By Michelle Rick
If you’re thinking about becoming an entrepreneur, reading up on people who have done it successfully is a great source of inspiration. Sure, there are news articles, podcasts, panels and fireside chats, but sometimes a book is the best way to curl up and get familiarized with the ins and outs of female entrepreneurship (we snuck Richard Branson in because his story is too good to pass up — but he’s not like a regular guy, he’s a cool guy).
Here’s a list we’ve pre-bookwormed for you! They read like a frank, very long coffee catch-up with an old friend. They’re not stuffy at all – au contraire, they’re perfect for a flight or an afternoon by the pool.
- “I Shouldn’t Be Telling You This” By Kate White
What’s Kate White doing on this list? As the former editor-in-chief of Cosmopolitan, she worked her way up a very competitive ladder. Her book offers blunt advice on changing careers, asking for more money and fast-tracking the trajectory you’re on. She also has plenty of stories to tell from interesting people she’s worked with, making her book a varied tapestry of career tales with spicy commentary.
- “By Invitation Only: How We Built Gilt and Changed the Way Millions Shop” By Alexis Maybank
At this point, it’s hard to imagine a world where you’d be laughed out of a venture capitalist’s conference room for telling them you want to start an online shopping company – yet that’s exactly what the two female founders of Gilt experienced when they went searching for funding. In this book, they share how they followed a hunch, overcame the “absurd” idea of taking the luxury shopping experience online, and leveraged relationships with designers like Zac Posen to introduce flash sales to the ecommerce world.
- “Losing My Virginity: How I Survived, Had Fun, and Made a Fortune Doing Business My Way” By Richard Branson
Richard Branson may not be up there with Zuckerberg or Bezos in the net value sense, but he definitely seems to have the most fun. In his book, he recalls the shaky start of his first business, Virgin Records, and owns up to some of the mistakes he’s made – like getting arrested, feuding with British Airways and almost dying on a hot air balloon expedition. His personal brand is the driving force behind each of his businesses, so it’s definitely worth getting to know the man behind the empire.
- “The Woman I Wanted to Be” By Diane von Furstenberg
No one seems to have their shit together like Diane von Furstenberg. Before she hit 30, she had married a prince (literally), partied at Studio 54, dated a few celebs and built an empire, all because of a little wrap dress. DVF’s infallible confidence rolls off the page as she tells her story, but she’s also upfront about the financial hit she took when the wrap dress fad ended. She wraps up her book with a warm retelling of her comeback. Tune in and read on for all the ups, downs, and aspirational fabulousness.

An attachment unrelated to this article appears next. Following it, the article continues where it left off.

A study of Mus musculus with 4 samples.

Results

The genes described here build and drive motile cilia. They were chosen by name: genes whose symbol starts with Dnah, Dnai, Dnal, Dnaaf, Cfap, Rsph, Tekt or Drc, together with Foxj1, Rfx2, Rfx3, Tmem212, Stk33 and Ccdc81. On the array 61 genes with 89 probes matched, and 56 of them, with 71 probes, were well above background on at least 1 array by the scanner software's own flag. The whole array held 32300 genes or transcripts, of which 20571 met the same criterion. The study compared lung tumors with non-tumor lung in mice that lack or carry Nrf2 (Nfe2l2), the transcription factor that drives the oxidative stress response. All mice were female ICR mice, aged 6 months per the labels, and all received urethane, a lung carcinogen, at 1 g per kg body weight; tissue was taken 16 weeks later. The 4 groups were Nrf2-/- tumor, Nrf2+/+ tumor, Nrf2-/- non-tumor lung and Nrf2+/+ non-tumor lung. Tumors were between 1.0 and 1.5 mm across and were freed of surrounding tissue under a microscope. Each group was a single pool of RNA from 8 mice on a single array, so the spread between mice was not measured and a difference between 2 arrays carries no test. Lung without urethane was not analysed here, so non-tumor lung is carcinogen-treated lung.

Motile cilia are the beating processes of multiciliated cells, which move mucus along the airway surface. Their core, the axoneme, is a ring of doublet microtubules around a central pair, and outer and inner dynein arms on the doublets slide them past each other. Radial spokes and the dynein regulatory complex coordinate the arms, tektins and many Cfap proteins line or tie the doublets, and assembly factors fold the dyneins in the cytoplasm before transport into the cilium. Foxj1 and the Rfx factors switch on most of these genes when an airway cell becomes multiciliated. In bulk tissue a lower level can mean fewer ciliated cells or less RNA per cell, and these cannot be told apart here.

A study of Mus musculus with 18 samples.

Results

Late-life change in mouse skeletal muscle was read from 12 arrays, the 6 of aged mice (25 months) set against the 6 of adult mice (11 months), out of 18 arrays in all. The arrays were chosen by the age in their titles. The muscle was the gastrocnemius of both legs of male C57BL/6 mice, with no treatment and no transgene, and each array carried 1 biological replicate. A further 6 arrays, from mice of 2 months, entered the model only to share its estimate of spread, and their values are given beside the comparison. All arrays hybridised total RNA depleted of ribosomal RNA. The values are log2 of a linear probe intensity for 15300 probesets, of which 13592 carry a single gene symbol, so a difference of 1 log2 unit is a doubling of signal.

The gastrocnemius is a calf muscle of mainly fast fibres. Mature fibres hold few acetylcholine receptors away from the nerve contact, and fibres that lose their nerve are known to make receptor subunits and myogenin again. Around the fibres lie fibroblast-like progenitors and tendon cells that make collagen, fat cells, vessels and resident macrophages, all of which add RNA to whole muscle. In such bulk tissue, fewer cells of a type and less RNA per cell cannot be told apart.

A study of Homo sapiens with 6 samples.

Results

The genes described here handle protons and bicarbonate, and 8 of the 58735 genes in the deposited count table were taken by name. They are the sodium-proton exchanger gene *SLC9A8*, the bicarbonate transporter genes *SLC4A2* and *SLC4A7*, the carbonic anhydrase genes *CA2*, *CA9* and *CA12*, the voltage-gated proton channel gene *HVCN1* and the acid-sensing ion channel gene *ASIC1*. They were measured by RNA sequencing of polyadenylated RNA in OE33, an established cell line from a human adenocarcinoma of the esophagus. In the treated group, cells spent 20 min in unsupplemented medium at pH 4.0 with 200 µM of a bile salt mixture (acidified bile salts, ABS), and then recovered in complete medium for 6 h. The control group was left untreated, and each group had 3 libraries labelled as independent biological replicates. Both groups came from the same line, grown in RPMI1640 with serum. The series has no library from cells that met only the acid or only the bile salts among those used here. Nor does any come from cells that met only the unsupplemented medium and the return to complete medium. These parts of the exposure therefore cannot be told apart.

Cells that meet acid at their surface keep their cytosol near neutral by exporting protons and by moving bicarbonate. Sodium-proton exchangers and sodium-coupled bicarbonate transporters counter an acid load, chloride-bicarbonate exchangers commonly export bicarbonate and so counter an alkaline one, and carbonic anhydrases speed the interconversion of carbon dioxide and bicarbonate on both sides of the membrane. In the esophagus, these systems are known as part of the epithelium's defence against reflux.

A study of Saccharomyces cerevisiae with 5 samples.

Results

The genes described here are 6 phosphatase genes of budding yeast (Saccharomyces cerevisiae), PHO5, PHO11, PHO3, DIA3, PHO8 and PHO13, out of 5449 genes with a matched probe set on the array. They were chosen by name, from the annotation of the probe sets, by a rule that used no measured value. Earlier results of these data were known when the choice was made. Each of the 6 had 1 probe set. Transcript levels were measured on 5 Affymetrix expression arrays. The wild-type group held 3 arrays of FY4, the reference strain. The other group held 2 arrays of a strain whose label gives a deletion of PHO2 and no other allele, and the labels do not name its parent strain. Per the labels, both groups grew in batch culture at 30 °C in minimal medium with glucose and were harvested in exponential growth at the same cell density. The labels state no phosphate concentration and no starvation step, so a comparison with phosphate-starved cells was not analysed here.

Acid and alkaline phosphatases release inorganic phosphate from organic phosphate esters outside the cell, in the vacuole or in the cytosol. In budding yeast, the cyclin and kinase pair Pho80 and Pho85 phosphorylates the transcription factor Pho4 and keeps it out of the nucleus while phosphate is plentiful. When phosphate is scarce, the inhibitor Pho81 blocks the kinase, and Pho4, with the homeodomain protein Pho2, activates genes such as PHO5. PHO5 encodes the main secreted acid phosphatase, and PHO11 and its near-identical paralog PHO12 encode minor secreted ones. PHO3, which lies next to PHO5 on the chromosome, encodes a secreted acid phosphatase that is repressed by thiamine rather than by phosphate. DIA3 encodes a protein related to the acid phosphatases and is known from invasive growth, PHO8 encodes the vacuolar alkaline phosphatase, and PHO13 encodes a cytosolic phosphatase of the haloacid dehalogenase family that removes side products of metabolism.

- “Leave Your Mark: Land Your Dream Job. Kill It in Your Career. Rock Social Media.” By Aliza Licht
Social media was coming into its own just as Gossip Girl hit the airwaves – coincidence? Aliza Licht borrowed Gossip Girl’s undercover personality to create DKNY Girl, a Twitter feed that doubled as a PR powerhouse before anyone else had figured out how to crack the social media marketing code. Her story is the perfect example about how a little creativity can put your business in the spotlight and help you connect with your customers.
- “In My Shoes: A Memoir” By Tamara Mellon
Not every entrepreneur’s story is as glamorous as buying an island or marrying a prince. Tamara Mellon, Jimmy Choo’s female business partner, was a cokehead living in her parents’ basement before she figured out what she her passion was and blossomed into a businesswoman. She partnered with a cobbler who was the best-kept secret in London’s West End, and the rest is history. Some super entrepreneur moments that come up in her book include her memories of starting the company with just three people and fighting for creative control once her company was purchased.
- “The Glitter Plan: How We Started Juicy Couture for $200 and Turned It into a Global Brand” By Pamela Skaist-Levy and Gela Nash-Taylor
This one is so fun it almost reads like fiction. You want to hate the Juicy gals for eating junk food, staying skinny, and being married to washed up rockstars, but they just seem too sweet. Their story has as many ups and downs as a candy binge – they describe how their T-shirt making side project took off. The next thing they knew, they were operating out of an L.A. warehouse and celebrity brides were splashed across the tabloids in velour tracksuits. Like Diane von Furstenberg, they saw their successful clothing line crash and burn before their eyes, but just kept living and went on to pursue a new venture – as every successful entrepreneur does. Sweet.